Office of the future

Office of the future

September 23, 2009
It was a classic “win-win” situation. Manitoba Hydro wanted its new $278 million downtown Winnipeg headquarters to be the most energy-efficient building in North America. As it was conceiving the project, the Centre for Applied Research in Sustainable Infrastructure (CARSI), at Winnipeg’s Red River College, was launching a facility for testing state-of-the-art building practices.

The two forged a partnership, allowing Manitoba Hydro to try new technologies and materials before constructing its 22-storey office complex. In the process, CARSI gained a valuable long-term client and gave its students hands-on experience.

In planning its headquarters, Manitoba Hydro wanted to use a “curtain wall” technology never before attempted in North America. The exterior of the office tower’s two main facades would be encased in a double pane of glass, with a one-metre space between the two panes. This design reduces a building’s heating and cooling needs in extreme temperatures, optimizes ventilation and provides office workers with maximum exposure to natural daylight, while reducing the need for artificial lighting. But because this system is climate-sensitive, Manitoba Hydro wanted to test it over four seasons before ordering the 9,290 square metres of glass required.

In 2006, the original design of CARSI was altered to include a smaller version of the curtain wall on the building’s east end. A 185-square-metre “living lab” was built behind the exterior where, over the next two years, researchers tested a variety of building materials and systems, including carpets, paints, cubicles, acoustics and ventilation, to see which would best complement the office tower’s energy balance — and how the components would work together.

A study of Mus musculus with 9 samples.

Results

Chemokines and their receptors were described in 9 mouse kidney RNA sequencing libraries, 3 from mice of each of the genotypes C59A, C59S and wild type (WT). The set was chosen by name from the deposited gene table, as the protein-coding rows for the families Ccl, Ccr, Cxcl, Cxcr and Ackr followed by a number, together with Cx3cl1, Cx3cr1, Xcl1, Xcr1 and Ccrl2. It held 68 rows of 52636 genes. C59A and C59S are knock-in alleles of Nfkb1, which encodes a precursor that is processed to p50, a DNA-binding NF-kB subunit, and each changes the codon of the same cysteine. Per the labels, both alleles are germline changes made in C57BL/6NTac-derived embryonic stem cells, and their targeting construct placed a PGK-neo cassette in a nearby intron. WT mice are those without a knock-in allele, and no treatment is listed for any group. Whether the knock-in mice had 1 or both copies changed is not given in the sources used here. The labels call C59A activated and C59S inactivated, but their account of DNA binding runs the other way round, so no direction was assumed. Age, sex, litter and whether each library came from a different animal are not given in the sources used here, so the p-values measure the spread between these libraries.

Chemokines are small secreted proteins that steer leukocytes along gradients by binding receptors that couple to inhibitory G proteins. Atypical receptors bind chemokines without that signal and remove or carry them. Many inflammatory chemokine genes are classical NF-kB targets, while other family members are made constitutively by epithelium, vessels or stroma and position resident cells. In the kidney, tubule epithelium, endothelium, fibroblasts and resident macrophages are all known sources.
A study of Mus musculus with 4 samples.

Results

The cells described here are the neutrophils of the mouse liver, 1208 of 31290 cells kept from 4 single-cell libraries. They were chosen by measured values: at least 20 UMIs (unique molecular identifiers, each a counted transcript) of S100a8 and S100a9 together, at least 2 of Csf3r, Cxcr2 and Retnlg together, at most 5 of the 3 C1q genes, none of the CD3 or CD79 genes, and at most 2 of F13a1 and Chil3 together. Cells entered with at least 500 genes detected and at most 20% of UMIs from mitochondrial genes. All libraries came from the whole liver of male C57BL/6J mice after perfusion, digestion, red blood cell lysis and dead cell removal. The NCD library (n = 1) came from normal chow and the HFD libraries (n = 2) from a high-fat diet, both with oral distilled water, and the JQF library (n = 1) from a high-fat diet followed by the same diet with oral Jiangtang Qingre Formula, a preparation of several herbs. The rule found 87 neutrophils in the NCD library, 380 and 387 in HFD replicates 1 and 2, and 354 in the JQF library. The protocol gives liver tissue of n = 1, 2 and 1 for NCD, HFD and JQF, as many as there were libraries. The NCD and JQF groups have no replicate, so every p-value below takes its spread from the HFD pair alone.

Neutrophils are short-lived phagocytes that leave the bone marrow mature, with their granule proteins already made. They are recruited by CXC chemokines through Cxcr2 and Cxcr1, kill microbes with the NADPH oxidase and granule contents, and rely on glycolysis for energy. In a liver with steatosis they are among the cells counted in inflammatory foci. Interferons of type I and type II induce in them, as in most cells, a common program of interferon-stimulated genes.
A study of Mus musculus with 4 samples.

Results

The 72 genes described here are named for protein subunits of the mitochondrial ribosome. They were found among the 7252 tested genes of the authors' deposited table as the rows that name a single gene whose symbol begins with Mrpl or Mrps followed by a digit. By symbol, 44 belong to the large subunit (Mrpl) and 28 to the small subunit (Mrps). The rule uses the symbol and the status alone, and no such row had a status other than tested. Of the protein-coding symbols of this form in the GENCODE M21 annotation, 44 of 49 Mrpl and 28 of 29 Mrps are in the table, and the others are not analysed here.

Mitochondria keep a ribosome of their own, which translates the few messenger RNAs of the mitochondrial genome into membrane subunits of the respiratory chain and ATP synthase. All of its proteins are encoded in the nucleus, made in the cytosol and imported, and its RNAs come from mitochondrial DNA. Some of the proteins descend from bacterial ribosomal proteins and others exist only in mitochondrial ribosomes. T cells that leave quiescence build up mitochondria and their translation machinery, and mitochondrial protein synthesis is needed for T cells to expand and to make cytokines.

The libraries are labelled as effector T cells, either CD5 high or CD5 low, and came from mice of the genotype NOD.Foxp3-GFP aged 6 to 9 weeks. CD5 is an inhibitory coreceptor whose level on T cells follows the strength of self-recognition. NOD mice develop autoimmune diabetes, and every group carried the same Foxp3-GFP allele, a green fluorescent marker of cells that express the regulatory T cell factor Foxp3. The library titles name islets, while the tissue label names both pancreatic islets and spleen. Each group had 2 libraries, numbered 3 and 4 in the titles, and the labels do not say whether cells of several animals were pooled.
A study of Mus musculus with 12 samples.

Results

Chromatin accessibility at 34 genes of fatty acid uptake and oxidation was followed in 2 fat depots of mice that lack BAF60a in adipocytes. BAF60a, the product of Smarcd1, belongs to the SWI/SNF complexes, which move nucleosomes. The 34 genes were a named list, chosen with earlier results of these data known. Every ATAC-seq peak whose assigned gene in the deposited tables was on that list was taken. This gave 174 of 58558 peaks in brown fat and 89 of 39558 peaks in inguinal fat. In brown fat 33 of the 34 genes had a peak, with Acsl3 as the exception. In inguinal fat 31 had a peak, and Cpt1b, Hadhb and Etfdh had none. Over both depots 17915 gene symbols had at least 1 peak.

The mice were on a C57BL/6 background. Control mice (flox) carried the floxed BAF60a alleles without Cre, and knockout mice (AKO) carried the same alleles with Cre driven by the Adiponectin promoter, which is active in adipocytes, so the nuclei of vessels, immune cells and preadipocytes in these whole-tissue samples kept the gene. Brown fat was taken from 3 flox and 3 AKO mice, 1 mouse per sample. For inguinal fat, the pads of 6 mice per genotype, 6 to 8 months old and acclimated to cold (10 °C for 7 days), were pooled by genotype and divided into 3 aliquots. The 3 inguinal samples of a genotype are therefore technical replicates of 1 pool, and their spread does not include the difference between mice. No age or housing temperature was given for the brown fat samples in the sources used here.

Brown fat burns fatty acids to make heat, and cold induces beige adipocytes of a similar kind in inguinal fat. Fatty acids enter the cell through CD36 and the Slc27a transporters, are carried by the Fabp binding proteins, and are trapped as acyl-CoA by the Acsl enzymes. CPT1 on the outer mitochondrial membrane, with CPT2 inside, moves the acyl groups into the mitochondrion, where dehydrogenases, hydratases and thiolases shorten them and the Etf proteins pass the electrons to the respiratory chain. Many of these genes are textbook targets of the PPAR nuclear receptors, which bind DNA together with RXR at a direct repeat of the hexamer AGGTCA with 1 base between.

A key concern was artificial lighting. “When you have 5,000 fixtures, you don’t want to get the layout wrong,” says Tom Akerstream, Manitoba Hydro’s technical coordinator on the project. “You need to know how much sunlight you’ll get and how those lights will respond.”

The new headquarters, fully opened this fall, houses 2,000 employees. Aiming for LEED (Leadership in Energy and Environmental Design) Gold certification, the structure is 66 percent more energy-efficient than a comparable conventional building.

Ray Hoemsen, director of Applied Research & Commercialization at Red River College, sees this project as part of a larger effort to build up local expertise in sustainable architecture and new technologies. “Our students are getting training they can later apply to other buildings,” he says. “We’re also trying to specialize in cold-climate performance, so there’s definitely the potential to develop exportable technologies.”